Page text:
We delivered Alison to Flat Rock River Camp this afternoon. She was excited. I was less so.
It's not that I don't want her to have a camp experience. It's not that I don't trust her to keep herself alive and with all her limbs. It's not even that I mistrust the flock of total strangers who are now in charge of her care.
I'm just going to miss her.
OK. I don't trust the teenagers and I'm worried that she'll come home so grown up that she won't need me anymore. And that she'll be in a horrible accident and get hurt. And that she won't fit in and thus be unhappy. And I AM going to miss her.
Agh. Parenthood sucks!!!!!
Yesterday afternoon, I came back from seeing Lyn and Amy to hear Ali calling, "Hey Mom, guess what I'm doing?"
I thought she was in her room, but she was in mine where I'd put her little suitcase. Armed with a pencil and the list of things to pack for camp as outlined by the camp brochure, she was busy packing her own suitcase. She'd checked off the first column when I walked in.
"Uh, Mom: What's a toiletry?" she asked. It was her first hint of hesitancy over the whole idea of camp. She relaxed immediately upon getting the definition.
This morning, she and I were awake before Jeff and she was anxious to wake him up for his "lesson." She's put him in charge of her 35+ virtual pets and she needed to show him how to log on to find them and then care for them. She'd told me that she was planning to ask him to be her pet sitter.
"Um. Hello. What's wrong with me as your pet sitter?" I'd asked.
"No offense, Mom, but you don't really take very good responsibility with your own pets," she said. "I think Dad will do a better job."
It's true. It was under duress that I had agreed to let her sign me up for my own Facebook pets. (I learned this morning from the NY Times that they guy who invented that silly game is the newest gazillionaire and Silicon Valley stud.) I find that amazing.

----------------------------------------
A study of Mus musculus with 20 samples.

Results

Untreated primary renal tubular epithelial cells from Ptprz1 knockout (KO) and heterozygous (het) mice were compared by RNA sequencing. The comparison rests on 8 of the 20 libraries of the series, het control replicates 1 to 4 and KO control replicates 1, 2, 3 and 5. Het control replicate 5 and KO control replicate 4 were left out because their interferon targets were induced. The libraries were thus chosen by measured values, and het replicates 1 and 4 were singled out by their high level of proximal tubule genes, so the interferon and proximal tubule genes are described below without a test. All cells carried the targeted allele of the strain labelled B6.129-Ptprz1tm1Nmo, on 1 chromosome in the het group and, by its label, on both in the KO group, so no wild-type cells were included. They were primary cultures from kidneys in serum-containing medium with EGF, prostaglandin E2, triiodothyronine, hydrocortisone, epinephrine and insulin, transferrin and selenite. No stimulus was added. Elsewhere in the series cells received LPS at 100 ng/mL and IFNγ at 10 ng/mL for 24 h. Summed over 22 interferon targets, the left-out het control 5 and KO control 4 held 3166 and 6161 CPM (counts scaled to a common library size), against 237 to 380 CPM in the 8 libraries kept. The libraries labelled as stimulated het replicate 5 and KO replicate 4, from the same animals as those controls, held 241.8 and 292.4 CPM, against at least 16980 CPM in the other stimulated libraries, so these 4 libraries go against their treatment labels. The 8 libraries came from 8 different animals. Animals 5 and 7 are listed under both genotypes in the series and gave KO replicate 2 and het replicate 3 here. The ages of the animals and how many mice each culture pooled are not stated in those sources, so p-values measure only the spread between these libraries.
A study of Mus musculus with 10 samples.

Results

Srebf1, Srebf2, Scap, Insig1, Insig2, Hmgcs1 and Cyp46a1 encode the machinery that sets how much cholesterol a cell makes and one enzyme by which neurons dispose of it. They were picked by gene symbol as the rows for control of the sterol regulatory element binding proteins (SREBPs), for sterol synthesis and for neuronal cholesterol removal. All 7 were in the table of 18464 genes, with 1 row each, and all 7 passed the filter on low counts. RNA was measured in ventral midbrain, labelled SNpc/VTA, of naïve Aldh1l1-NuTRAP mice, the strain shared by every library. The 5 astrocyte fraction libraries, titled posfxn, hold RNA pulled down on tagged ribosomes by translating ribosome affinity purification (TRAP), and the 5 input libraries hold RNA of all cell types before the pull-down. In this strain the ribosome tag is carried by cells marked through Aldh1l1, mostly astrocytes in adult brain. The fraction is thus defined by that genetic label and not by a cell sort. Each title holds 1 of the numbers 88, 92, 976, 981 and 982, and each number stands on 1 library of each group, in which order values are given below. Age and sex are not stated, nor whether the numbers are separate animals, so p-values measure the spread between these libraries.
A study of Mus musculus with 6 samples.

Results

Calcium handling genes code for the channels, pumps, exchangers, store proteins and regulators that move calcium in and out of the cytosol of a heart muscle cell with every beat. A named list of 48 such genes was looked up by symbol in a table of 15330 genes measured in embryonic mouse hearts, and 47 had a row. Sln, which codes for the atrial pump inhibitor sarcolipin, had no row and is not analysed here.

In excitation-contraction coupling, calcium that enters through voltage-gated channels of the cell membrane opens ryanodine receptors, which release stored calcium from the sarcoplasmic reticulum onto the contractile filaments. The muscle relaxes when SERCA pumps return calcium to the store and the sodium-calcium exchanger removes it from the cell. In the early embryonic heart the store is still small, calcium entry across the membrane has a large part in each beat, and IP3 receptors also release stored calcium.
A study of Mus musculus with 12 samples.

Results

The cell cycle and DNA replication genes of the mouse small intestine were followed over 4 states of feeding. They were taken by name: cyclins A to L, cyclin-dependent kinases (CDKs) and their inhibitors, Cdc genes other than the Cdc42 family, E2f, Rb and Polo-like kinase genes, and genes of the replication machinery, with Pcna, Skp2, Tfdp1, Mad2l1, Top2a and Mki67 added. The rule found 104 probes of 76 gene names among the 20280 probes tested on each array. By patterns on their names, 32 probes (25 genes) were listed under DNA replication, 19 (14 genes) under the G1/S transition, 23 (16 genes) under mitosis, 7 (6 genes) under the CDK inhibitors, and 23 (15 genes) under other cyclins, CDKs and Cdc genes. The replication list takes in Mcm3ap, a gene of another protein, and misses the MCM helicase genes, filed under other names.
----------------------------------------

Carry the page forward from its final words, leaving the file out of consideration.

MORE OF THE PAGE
Jeff is finding it more responsibility than he'd originally thought. At first, he was thrilled that she'd entrusted her pets to him. Then, he found out just how much work it actually is -- and if he doesn't log on as he's promised, Alison won't earn a new frog and pig.
"How did I end up getting so ripped off?" he said. "I had no idea there was so much involved. This stinks."
She gave him his lesson, complete with a written set of instructions and advice. It took at least 30 minutes before she was comfortable with his level of understanding.
Today, she loaded herself down with her backpack, suitcase, pillow and sleeping bag and was struggling to move toward the front door. "It's time to go, isn't it?" she panted, getting about a foot a minute. You could barely see her head amid the baggage.
We relieved her of most of her burdens on the way out the door.
On the way to camp, we learned that there is a Flat Rock, Indiana, and a Flat Rock River Camp. They are not within the same county. Thank God Indiana is fairly compact and that Lisa Vielee is a veteran camper. She set us off in the southeasterly direction instead of due south as I'd planned. (Phew!)
At the camp, we figured everything out, Alison and Helen got top bunks together as they'd wanted and it was "Bye Mom! Bye Dad!" They were chatting from atop their new beds and needed nothing from either of us.
I handled it pretty well, I thought. No tears. No sobs. We went outside and were chatting with John and Lisa when a blur of red flashed down the hill beside us.
I think we'll never know if she was en route to the Trading Post for a bag of Skittles or if she really wanted one last hug (she has a touch of Eddie Haskell in her.) But there she was.
Jeff shouted, "Hey! What are you doing out here?"
She jumped on him, hugged him and choked out an, "I'll miss you." Then it was my turn. I don't think I let any of the tears actually fall, but she sure got me misty. If she was channeling Eddie Haskell, she was doing a good job.
We hugged it out and she went back up the hill, Jeff dragging me off to the car and telling me to stop looking back.
We wandered across Indiana a little bit as we meandered back toward the Flat Rock I thought we'd be heading to originally. It's very near Columbus, Indiana, and we'd planned to have dinner with Larry, Shirley and Lori.
It was a glorious day for a drive in the country, and the miles we logged helped clear my head a little bit. She's going to have a great week.
Jeff has plans that should make it a good week for us, as well. If I can just get used to the house being so quiet, I may even cooperate.